Have you ever worked for someone who wasn’t well-respected? They’re in a management position but they aren’t regarded well by their manager or their peers? Have you ever wondered how this affects you? When you work for someone whom everyone respects, it’s normal to feel safe, secure, and with the right skills–to have a sense of confidence in climbing the corporate ladder. But what if no one gives your manager a second thought, or worse, what if that person falls out of favor in the eyes of higher-ups? Essentially, what does it mean when a shadow has been cast on you because your manager’s brand has gone south? And more importantly, what can you do about it?
First and foremost, it goes without saying–always do your job to the best of your abilities. Regardless of what’s happening with you, your manager, or your company, always maintain a strong work ethic and don’t just do your job–do your job well. Not only does this instill a sense of personal pride and help you get through the day knowing you’ve done the best you can do, it’s also a CYA measure so no one can come back and say you were slacking. Now, trust me, I know this can be difficult when you’re watching those around you being promoted, assigned to special projects, and getting recognized by the higher-ups–all while you sit in a drab, windowless cube performing job functions you could do in your sleep. But doing your best work is a must, that’s the prerequisite and constant to everything else.
Set yourself apart from your manager. Diplomatically, make your manager aware of what your interests are, or ask about other areas of the firm where you could ‘shadow’ someone to gain exposure and build your skill set. Any decent manager is going to want their team members to thrive and grow, so from a professional development standpoint–they should support this. It also provides you with the opportunity to talk to other people without offending or upsetting your manager. Besides, if you look good, they look good. But when you look good, you look good.
Find a well-respected mentor, whether it’s formally or informally. Quite often, firms have formal mentoring programs, and if yours does and you can get in it, do it. However, most of the time it’s not that easy–especially if you’re in the aforementioned ‘no one respects my manager’ group. So appoint one for yourself. If there is someone whom you respect and admire–ask if they would be willing to work with you. Most anyone can find 30-minutes every other month for coffee, or a 1-hour block for lunch every quarter. Present challenges to them and ask advice, find out how they’ve navigated their career both inside and outside the company, and take advantage of what they’ve learned along the way and use their experiences for your good.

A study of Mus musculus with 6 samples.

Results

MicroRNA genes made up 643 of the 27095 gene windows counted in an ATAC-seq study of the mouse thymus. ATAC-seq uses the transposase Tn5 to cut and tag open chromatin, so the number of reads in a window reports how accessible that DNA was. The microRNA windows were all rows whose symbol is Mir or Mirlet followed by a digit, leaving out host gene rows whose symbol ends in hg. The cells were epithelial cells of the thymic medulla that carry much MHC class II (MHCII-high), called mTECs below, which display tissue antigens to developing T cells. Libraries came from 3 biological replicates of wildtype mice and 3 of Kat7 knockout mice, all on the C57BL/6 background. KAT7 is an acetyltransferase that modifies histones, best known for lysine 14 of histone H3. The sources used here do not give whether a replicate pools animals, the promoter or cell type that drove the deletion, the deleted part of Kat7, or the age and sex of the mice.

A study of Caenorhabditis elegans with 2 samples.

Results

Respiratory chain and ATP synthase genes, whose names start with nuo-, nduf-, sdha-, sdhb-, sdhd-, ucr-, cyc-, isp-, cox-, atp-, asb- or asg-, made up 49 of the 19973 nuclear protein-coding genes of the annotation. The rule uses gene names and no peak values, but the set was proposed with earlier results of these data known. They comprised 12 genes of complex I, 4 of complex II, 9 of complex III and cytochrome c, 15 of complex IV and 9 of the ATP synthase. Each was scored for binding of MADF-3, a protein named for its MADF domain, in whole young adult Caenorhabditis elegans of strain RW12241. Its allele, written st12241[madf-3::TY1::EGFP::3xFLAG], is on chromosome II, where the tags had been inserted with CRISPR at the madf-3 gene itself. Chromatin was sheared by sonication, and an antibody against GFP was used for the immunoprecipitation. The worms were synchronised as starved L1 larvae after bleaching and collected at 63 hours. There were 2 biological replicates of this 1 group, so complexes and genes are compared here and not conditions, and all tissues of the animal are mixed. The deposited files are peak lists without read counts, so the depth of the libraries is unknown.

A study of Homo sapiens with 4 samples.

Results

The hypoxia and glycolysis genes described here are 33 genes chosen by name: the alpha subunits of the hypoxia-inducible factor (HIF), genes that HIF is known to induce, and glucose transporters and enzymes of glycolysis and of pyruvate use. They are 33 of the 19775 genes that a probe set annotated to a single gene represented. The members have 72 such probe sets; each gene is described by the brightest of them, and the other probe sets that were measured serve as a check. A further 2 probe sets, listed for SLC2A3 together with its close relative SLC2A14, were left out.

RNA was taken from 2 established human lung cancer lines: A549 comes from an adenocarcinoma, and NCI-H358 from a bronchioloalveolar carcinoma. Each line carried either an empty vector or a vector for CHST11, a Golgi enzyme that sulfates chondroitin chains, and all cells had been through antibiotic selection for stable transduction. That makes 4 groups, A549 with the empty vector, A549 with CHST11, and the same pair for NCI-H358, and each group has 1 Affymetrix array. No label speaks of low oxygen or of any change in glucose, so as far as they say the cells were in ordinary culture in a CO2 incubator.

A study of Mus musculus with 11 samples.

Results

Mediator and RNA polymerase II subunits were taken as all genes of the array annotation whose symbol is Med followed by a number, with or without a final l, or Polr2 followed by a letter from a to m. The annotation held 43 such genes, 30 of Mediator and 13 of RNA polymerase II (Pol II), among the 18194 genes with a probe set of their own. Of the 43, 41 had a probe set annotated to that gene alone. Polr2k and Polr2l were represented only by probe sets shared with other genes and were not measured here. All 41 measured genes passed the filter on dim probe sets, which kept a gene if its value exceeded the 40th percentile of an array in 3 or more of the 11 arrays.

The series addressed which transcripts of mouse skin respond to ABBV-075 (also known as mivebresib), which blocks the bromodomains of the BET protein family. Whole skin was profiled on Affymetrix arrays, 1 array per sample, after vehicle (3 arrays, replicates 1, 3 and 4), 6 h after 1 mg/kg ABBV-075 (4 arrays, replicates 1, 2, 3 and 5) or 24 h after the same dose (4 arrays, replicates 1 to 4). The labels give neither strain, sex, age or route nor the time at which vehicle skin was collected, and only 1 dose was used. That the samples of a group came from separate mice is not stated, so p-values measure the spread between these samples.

Network. I know, everyone says network, network, network; but it’s important and it’s true. People shift jobs and firms all the time and you never know where someone is going to land and they just might be your ticket when it’s time for you to transition. Coffee, lunch, information gathering sessions, and even happy hours are ideal when you know a department or individual you want to get in front of. And make sure you’re doing this not only inside your own department, but outside of it too. Externally: Conferences and seminars are prime opportunities to expand your personal and professional network and they don’t have to be approached as having to make a forced connection. Compliment someone on a piece of jewelry or article of clothing. Ask a question about one of the speakers. Share an arbitrary insight you’ve learned from one of the conference sessions. Or, comment on the facility, weather, or the food. Networking is really no more than striking up a conversation with someone you don’t know, yet. Just make sure you’re open to being approached and not hiding under a potted plant waiting for the event to end. (Yes, I’ve seen this happen.)
Build your portfolio. You may be thinking that you’re not an artist, writer, or creative type–don’t be so literal, it doesn’t have to be a tangible portfolio. Maybe you’re a runner–then run. Do races for causes (also a great opportunity to network). Volunteer for your local animal shelter. Embrace your interests outside of work. Doing things that bring you personal satisfaction is not only a great way to stay fulfilled, it shows companies that you’re not one-dimensional. Remember all that talk about being well-rounded? Well it’s true. In this day and age, people have to work harder than ever to differentiate themselves from the crowd. Not everyone can do a 5k, draw, create a website, write a children’s book, whatever. Embrace your talents and let people know about them at the proverbial water cooler when they ask what you did over the weekend. Share that you read your latest short story to the kids at the library over the weekend. Things like that get around, in a good way.
Like anything worth having and keeping, building your personal brand takes dedication and work, but in the end it’s very rewarding. Not only will you feel good about your career, you’ll feel good about yourself. Plus, the intangible perks that arise are invaluable, like: you find out about an awesome babysitting service, a well-kept secret boutique that always has designer handbags on sale, where to get cheap tickets for the best seats to sporting events, or an awesome local band to go see on a Sat. night. At the end of the day, your career is your responsibility, manage it well.